March 13, 1961
Appeal, No. 43, Jan. T., 1961, from order of Court of Common Pleas of Delaware County, March T., 1959, No. 552, in case of Edward J. Grochowski, administrator of estate of Frank Grochowski, deceased, v. Reese T. Ardes. Order affirmed.
George J. McConchie, with him John F. Cramp, for appellant.
Howard Richard, with him Berman, Richard & Brian, for appellee.
Before Jones, C.j., Bell, Musmanno, Jones, Cohen, Bok and Eagen, JJ.
[ 402 Pa. Page 615]
OPINION BY MR. CHIEF JUSTICE JONES.
The complaint in this action of trespass sought damages for the death of the plaintiff's decedent as a result of his being struck by an automobile owned and operated by the defendant. The action was instituted by the deceased's personal representative who claims damages under both the Wrongful Death Act of April 26, 1855, P.L. 309, as amended, 12 PS § 1602, and the Survival Act (Section 603 of the Fiduciaries Act of April 18, 1949, P.L. 512, 20 PS § 320.603).
At trial, the jury returned a verdict for the defendant. Plaintiff filed a motion for a new trial which, after argument before the court en banc, was granted in an opinion by the trial judge who conceded harmful error in the charge to the jury in respect of alleged contributory negligence. The defendant has appealed the new trial order.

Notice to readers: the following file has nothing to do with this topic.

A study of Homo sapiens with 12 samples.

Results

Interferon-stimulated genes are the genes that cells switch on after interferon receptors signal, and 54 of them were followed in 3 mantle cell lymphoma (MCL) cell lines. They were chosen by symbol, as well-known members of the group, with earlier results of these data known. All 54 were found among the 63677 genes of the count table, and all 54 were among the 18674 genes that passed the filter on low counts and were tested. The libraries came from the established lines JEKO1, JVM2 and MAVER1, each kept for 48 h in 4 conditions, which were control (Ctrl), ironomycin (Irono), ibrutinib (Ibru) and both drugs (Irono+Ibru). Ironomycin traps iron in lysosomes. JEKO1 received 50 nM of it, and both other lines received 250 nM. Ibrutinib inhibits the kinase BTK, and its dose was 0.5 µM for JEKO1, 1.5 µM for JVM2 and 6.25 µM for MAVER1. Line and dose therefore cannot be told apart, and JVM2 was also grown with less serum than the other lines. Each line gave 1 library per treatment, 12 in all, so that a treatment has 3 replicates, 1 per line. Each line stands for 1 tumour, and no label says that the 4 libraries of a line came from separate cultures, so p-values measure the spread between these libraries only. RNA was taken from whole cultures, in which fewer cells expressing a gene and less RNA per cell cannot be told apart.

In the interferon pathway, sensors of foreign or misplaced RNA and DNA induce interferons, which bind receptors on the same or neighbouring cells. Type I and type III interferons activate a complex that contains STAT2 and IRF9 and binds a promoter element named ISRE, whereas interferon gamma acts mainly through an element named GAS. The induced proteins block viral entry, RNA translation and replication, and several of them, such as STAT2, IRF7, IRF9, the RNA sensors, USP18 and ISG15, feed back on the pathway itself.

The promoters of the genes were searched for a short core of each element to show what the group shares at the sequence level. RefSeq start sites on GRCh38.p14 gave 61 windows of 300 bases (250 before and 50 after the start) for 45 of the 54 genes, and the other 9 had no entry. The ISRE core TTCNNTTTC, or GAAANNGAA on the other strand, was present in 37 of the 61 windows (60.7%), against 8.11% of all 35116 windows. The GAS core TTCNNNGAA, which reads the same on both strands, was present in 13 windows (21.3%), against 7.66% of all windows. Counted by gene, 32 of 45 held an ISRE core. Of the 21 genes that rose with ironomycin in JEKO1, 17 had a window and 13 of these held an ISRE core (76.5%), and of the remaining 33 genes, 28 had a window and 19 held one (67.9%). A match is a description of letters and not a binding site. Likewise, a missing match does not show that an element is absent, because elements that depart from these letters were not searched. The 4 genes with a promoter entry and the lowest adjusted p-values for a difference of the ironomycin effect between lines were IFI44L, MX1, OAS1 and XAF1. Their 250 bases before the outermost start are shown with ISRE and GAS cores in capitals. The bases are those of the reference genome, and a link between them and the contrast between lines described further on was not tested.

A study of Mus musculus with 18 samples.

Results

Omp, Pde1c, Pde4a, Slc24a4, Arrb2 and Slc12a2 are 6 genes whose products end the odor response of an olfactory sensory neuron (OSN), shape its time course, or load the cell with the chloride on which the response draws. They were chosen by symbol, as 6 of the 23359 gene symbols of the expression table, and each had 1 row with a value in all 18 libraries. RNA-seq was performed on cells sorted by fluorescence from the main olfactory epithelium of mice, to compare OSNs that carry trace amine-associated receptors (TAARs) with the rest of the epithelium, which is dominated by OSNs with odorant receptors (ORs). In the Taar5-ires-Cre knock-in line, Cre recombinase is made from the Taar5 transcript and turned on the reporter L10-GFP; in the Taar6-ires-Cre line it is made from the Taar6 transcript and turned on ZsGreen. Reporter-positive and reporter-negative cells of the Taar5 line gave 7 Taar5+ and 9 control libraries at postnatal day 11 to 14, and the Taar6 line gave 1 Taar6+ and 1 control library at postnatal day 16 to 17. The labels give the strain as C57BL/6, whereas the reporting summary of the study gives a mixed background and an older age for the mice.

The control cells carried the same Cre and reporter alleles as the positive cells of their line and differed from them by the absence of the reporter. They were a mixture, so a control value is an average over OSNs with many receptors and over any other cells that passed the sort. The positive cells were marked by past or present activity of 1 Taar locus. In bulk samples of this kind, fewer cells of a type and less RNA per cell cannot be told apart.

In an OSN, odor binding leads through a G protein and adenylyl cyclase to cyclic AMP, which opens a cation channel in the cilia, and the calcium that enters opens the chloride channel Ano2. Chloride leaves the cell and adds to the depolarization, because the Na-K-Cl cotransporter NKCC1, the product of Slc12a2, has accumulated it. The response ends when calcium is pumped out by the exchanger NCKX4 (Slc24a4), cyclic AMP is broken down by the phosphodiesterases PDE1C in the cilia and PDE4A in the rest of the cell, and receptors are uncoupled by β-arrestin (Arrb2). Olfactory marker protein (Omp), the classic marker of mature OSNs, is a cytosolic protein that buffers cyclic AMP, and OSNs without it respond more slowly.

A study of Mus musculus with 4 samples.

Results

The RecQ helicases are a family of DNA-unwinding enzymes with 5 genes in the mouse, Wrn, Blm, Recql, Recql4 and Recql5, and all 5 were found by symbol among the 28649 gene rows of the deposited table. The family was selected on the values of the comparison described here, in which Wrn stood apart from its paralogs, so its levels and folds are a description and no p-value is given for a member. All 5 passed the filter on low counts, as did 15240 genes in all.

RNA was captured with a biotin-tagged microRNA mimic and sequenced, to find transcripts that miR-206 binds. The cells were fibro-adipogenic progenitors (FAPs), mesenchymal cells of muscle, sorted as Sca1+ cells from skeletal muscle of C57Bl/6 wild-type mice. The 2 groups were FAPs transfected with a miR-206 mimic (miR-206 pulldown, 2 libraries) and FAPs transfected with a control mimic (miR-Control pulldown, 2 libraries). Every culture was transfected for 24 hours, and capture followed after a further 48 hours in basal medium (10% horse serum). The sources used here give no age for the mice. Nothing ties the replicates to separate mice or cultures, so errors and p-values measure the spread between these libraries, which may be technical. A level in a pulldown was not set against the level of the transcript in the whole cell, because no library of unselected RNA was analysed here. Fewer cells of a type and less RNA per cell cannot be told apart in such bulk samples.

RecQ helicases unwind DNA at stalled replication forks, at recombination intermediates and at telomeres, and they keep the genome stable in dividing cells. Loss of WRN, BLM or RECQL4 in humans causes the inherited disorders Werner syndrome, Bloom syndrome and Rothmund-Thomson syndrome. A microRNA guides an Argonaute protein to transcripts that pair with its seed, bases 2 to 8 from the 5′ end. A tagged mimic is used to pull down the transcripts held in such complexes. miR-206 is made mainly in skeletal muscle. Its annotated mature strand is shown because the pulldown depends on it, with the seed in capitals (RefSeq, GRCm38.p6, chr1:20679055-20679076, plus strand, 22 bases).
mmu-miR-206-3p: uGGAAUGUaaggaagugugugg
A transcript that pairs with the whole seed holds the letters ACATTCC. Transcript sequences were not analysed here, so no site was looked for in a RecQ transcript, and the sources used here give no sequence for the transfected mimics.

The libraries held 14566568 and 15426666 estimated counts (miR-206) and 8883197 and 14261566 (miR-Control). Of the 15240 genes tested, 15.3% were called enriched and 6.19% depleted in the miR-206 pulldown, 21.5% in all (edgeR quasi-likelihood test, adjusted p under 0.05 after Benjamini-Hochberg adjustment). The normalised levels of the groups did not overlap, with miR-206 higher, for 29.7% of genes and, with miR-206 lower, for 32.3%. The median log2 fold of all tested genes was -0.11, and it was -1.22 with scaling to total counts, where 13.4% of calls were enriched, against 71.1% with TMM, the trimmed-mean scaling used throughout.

[ 402 Pa. Page 616]
Our examination of the record confirms that the court below exercised a sound discretion in awarding a new trial. The plaintiff had submitted timely a point for charge which correctly set forth the law with respect to the burden of proving contributory negligence. However, the trial judge refused the request with the statement that "Point Number 2 [i.e., the pertinent request] has already been covered by the charge and I see no reason for repeating it; exception." Nowhere in the charge had the court actually placed the burden upon the defendant of proving that the deceased had been contributorily negligent. In fact, the trial judge's instructions in effect conveyed an opposite impression, as the opinion for the court below expressly so recognizes. Such being the situation, the court en banc very properly declared that "In the instant case, the jury should have received clear instructions concerning the burden of proof regarding plaintiff's possible contributory negligence. Failure to so instruct requires that a new trial be granted." That is particularly so since the court had been specifically requested to give cognate instruction to the jury and had failed to do so.